Thursday, 2 February 2017

92 The Cenotaph

92 Names of fallen enhance city’s memorial to them

The word “cenotaph” derives from the Greek word “kenotaphion” meaning empty tomb, a memorial to those killed in war but buried elsewhere.  Cenotaphs were common in the ancient world, with many built in Ancient Egypt.  The massive Voortrekker Monument in Pretoria, South Africa, and the memorial to the defenders of The Alamo in Texas are prominent overseas cenotaphs. 
In London the cenotaph in Whitehall is undecorated, apart from a wreath carved on each end and the words "The Glorious Dead," words chosen by Lloyd George.  Though intended originally to commemorate the victims of the First World War, it now commemorates the dead in all wars in which British servicemen and women have fought.  The dates of the First and the Second World Wars are inscribed in Roman numerals.  The Whitehall cenotaph’s design by Sir Edwin Lutyens was followed in constructing many other memorials in the country, in the British sectors of the Western Front, and in other Commonwealth countries.  The Whitehall cenotaph was originally a temporary wooden memorial to mark the signing of the final peace treaty to end the First World War on 28 June 1919 (seven months after Armistice Day).  But when a great procession had passed the cenotaph that day, mourners began to lay wreaths around its base, so it was decided to replace it with a permanent stone structure as the country's national war memorial: this was unveiled on 11 November 1920 as the 'Unknown Warrior' was carried past en route to burial in Westminster Abbey.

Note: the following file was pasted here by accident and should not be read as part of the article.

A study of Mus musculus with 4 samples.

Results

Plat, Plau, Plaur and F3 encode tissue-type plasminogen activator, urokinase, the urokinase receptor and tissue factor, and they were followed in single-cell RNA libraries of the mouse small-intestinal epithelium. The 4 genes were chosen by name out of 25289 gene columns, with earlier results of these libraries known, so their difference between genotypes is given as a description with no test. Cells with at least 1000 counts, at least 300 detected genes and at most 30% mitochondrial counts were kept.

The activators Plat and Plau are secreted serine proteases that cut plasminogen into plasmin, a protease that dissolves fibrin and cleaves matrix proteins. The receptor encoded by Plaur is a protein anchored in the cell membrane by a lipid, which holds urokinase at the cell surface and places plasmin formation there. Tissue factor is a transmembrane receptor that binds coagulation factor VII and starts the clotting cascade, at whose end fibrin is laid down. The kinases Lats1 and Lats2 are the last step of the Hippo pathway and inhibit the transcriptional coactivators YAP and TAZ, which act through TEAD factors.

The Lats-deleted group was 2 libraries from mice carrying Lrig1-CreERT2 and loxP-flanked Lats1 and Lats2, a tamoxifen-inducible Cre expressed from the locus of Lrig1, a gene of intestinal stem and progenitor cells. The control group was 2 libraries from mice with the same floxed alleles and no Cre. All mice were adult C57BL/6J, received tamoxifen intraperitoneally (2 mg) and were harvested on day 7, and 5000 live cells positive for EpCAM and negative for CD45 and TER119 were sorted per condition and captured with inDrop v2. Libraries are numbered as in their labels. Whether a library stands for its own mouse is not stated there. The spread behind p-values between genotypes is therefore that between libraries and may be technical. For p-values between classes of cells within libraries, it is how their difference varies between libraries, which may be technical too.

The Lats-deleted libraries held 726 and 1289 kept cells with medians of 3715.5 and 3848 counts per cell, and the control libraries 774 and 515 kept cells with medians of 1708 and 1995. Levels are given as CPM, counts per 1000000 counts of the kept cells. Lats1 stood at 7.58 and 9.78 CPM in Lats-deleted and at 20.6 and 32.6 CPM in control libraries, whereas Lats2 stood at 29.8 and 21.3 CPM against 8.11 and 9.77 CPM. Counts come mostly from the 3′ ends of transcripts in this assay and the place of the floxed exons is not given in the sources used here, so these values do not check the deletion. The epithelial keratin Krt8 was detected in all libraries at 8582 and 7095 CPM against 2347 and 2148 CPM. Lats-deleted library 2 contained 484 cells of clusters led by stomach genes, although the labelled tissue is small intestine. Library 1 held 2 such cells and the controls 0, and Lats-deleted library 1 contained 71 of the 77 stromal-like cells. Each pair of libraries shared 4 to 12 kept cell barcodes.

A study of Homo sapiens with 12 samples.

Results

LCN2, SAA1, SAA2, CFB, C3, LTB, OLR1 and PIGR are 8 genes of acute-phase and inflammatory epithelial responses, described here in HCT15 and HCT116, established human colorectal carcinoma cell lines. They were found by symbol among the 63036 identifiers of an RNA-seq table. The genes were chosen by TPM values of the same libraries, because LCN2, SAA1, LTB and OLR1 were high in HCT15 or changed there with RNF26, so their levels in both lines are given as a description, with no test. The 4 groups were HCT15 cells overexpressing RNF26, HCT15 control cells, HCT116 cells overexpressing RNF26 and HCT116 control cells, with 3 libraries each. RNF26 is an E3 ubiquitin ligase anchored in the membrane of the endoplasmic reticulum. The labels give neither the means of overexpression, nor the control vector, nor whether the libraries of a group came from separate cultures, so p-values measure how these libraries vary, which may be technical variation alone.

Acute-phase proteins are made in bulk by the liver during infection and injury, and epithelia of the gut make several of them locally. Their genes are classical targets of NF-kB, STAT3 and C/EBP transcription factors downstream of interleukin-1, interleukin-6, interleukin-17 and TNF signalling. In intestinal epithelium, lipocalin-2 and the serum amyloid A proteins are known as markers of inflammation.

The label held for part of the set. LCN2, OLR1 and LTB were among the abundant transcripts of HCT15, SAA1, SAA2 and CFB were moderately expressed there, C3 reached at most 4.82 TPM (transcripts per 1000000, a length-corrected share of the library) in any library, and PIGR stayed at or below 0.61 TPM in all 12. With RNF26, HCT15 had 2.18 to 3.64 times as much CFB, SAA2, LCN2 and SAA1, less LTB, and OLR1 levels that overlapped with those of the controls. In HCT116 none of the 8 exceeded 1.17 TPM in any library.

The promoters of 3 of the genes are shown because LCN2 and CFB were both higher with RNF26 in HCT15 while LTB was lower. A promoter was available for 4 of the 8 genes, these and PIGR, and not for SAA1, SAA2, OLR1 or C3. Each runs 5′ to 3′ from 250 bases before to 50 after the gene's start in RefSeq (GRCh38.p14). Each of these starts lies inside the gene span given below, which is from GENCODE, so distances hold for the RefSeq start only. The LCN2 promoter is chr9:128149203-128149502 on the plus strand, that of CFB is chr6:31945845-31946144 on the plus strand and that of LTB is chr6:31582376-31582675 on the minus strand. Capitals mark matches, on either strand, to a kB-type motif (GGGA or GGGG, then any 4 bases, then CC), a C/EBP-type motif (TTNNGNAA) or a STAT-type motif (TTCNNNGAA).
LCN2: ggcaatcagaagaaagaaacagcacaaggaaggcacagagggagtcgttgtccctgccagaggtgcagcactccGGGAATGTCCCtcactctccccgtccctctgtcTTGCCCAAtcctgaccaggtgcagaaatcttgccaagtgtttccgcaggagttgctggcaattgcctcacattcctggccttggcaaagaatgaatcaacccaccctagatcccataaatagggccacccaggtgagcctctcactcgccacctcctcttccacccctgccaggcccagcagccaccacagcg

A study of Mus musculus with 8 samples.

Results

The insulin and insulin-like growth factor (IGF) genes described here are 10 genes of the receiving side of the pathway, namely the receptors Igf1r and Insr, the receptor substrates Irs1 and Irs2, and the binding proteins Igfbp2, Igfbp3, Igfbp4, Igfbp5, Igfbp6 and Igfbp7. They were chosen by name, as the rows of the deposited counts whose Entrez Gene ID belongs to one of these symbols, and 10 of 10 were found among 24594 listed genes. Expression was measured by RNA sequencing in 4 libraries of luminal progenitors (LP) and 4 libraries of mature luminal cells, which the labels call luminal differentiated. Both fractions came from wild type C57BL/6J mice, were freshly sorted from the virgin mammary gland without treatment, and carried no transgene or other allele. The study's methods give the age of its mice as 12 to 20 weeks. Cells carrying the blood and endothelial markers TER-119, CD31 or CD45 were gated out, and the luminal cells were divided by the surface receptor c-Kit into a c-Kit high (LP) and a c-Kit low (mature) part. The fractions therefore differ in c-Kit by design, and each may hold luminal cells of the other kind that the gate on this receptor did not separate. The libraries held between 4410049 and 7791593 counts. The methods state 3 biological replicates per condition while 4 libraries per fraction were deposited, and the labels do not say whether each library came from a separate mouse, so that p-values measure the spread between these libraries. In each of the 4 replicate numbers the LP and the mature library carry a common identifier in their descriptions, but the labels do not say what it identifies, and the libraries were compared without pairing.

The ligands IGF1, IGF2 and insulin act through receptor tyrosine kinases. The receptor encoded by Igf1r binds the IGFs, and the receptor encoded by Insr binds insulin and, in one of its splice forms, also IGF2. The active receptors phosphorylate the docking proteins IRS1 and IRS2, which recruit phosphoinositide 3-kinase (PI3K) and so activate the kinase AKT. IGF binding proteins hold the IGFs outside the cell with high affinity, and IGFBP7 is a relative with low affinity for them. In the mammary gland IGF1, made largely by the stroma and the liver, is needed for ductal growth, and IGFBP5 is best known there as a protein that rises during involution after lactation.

Swansea’s earlier cenotaph was in memory of those who died during the South African or Boer War of 1899 to 1902.  It was unveiled by Mayor Griffith Thomas in April 1904 and initially sited at the original entrance to Victoria Park, flanked by two cannons, until moved onto the promenade in 1932 when the Guildhall was being erected.  The foundation stone of Swansea’s cenotaph in memory of those killed during the twentieth century’s two World Wars was laid on the Promenade by Field Marshall Earl Haig on 1 July 1922, with a King’s Shilling laid beneath on behalf of war widows.  Designed by Swansea Borough architect Ernest Morgan, based on that of the Whitehall cenotaph, this cenotaph was unveiled a year later by the Admiral of the Fleet Sir Doveton Sturdee.  
The Imperial War Museum’s War Memorials Register describes it as being on a stepped base, with the central Portland stone cenotaph having a stylised tomb-chest, and bronze low relief wreaths to the narrow sides with the dates 1914-1918 and 1939-1945.  The broad side facing the sea has a bronze relief of an anchor in a wreath, while the land side has the Swansea arms below the Latin inscription: Pro Deo Rege et Patria (for God, King and Country).  The precinct is surrounded by an octagonal wall with four entrances, the outer faces of wall being in grey stone (with flower beds) and the inner faces having copings and entrance piers in Portland stone. The inner faces of the wall bear bronze plaques with names of the fallen, 2,274 from the First World War and a further 500 from the Second.  There are stones recording the foundation and unveiling.  
But is it a cenotaph or a war memorial?  A colour postcard of Swansea’s cenotaph, first produced by Valentine’s of Dundee in 1925, depicts the cenotaph on the Promenade, with in the distance the signal box of the LMS railway, but the scene is described as “The Promenade and the War Memorial”.  Aberdare in mid-Glamorgan claims to have Britain’s only cenotaph apart from the one in Whitehall, and would classify all others as war memorials - possibly because they list the names of those killed.   
As far as we are concerned, on Swansea’s Promenade stands the cenotaph, which is enhanced rather than diminished by the names of those who died in action.